11024 S. Bell Avenue
Chicago, IL 60643
Rev. Dr. Joel Mitchell, Pastor
Reflection October 28, 2018
"John, the First Baptist" - by Rev. Dr. Thomas Aldworth
In our Bible Study class, we recently explored that mysterious man who hangs out in the wilderness and eats locusts and wild honey. We know him as John the Baptist. Both of John’s parents, Zechariah and Elizabeth, came from the priestly line of Aaron. So in the combination of Jesus and John we have both the priestly line and the kingly line of David represented.
John points the way to Jesus. What does this mean to us today? We have ample understanding of where Jesus can be found. And yet John still serves his ordained purpose. John is the forerunner to Jesus. Among our Eastern Orthodox brothers and sisters, John is not known as John the Baptist but as John the Forerunner. He runs ahead of Jesus, shouting the name of Jesus, telling people to prepare for the One coming after him.
And how are we to prepare for Jesus? According to John, we prepare through repentance. We prepare by admitting that we’ve failed – that we’ve sinned – that we‘ve missed the mark in ways, great and small. And who among us is in need of repentance? If John is to be trusted – then we all stand in need of repentance. And our repentance must be continual, on-going, as long as we walk this wounded world.
Is it not clear that the greatest argument against the existence of God are those people who claim to believe in God yet act in ways that are truly ungodly? How is it possible to believe in God – to believe that we will all stand before God – and yet act so cruelly towards each other?
Here is an indictment from the former Franciscan priest, Brennan Manning: “The single cause of atheism in the world today is Christians: who acknowledge Jesus with their lips, walk out the door, and deny him by their lifestyle. This is what an unbelieving world finds unbelievable.”
John the Baptist warned the people of his time that repentance was needed lest everything fall apart. But John’s warning continues to echo throughout time. Isn’t this what happens when we abandon God? Doesn’t everything fall apart?
Without God there is no life. Without God there is no love. Without God there is no hope. John the Baptist knew this. John the Baptist preached this. And his message is still being preached to us.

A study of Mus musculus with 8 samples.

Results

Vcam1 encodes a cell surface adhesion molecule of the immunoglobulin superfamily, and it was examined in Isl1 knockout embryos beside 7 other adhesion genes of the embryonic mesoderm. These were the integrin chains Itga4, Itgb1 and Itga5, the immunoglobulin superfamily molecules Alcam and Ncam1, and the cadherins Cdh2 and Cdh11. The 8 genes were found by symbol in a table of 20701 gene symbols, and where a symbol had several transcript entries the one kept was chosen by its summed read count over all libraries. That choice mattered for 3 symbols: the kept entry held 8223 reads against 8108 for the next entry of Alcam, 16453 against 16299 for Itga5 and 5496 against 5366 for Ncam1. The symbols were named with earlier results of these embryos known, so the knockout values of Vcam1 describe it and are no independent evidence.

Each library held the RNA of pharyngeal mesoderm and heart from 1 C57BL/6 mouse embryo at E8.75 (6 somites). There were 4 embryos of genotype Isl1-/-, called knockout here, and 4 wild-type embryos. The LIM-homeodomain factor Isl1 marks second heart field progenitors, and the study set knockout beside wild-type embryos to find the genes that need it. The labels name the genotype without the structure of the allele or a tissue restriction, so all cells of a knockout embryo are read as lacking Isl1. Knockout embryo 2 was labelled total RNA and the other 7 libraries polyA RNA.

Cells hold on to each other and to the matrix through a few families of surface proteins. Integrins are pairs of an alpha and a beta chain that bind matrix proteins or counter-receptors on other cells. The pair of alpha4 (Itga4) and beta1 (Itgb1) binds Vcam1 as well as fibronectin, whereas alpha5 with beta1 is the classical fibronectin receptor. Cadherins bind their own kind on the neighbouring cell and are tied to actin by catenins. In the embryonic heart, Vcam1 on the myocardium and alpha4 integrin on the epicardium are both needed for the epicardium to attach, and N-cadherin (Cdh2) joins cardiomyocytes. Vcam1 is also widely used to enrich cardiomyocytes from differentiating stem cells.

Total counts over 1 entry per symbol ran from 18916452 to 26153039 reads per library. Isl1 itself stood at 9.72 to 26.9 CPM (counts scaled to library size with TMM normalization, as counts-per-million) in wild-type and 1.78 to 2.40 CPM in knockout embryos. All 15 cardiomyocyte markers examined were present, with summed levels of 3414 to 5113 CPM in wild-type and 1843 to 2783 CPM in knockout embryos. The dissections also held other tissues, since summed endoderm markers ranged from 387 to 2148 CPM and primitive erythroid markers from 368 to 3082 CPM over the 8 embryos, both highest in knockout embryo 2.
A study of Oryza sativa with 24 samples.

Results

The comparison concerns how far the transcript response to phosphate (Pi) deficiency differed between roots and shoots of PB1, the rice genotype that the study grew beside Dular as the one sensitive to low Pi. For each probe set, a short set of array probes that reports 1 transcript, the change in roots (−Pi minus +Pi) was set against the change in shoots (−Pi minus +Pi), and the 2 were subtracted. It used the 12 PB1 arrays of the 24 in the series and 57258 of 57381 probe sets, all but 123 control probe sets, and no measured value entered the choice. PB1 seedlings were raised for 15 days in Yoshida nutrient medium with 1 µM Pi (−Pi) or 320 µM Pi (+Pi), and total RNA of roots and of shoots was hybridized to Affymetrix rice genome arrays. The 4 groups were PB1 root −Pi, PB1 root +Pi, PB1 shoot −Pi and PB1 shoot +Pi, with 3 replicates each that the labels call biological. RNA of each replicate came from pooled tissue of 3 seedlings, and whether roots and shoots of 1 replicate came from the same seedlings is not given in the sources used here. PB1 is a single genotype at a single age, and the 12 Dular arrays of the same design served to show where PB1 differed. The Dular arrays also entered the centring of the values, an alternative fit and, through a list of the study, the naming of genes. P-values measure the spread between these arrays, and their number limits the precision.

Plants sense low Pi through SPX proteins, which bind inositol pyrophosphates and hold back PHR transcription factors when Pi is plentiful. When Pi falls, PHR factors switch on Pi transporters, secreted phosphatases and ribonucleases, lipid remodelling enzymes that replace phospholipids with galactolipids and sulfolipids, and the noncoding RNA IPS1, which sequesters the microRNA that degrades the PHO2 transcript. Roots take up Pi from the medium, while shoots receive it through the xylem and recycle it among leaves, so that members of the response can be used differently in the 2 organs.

As the theologian John Shea wrote about the Baptist: “Try no tricks on John. Parade no pedigree. Who you are will not help you. If the children of Abraham and stones have equal standing in his eyes, you will not impress him with anything you pull from your wallet. Also do not ready your brain for debate. He is not much for talk. He has washed his mind with sand. Injunctions are his game.
“If you have two coats or two loaves of bread, share them. Do not bully, do not exploit, do not falsely accuse. Do not object that these actions are economically naïve, culturally inappropriate, insufficiently religious. Just do them.”
Does John still challenge us? Do his words continue to strike at every heart that has become accustomed to injustice, acclimated to indifference, accepting of personal and social sin? “Do not bully, do not exploit, do not falsely accuse.” We must admit that we’ve failed – that we’ve sinned. And we would well remember what the spiritual writer Richard Rohr notes in Falling Upward: “Jesus is never upset with sinners; he is only upset with people who do not think they are sinners.”
What this means for us is that we must never get trapped in the isolation of our own sinfulness. There are many ways to sin – but I believe most sin boils down to one flawed human propensity – the propensity to isolate oneself – to become self-contained – to become solipsistic and narcissistic – to mistakenly believe the world revolves around me – to live a life primarily focused on me.
This is not how a Christian is called to live. A Christian is called to live with a primary focus on serving others. As the theologian John Sachs makes clear in The Christian Vision of Humanity: “Life… involves a constant process of dying to sin, a change of heart from self-centeredness, which is the root of sin, to an attitude of self-surrendering love and service for others.” Would this were the case in our political realm!
Again some wise words about the Baptist from Shea: “There is a pointer of the way, a map of a man, who when you try to read him, reads you. Unexpected angels are pussycats next to this lion, a roar that once overrode Judea. You may not heed but you will hear his insistent, intruding, unsoothing voice.
“Some say this thunder is because his father stumbled mute from the Holy of Holies, tongue tied by an angel who was peeved by the old man’s stubborn allegiance to biological laws. The priest was silenced in the temple because he thought flesh could stop God.”
Flesh cannot stop God! This is a message and a warning that echoes throughout time from John, the First Baptist! May we who carry the name “Baptist” heed what John taught us through his thunderous voice!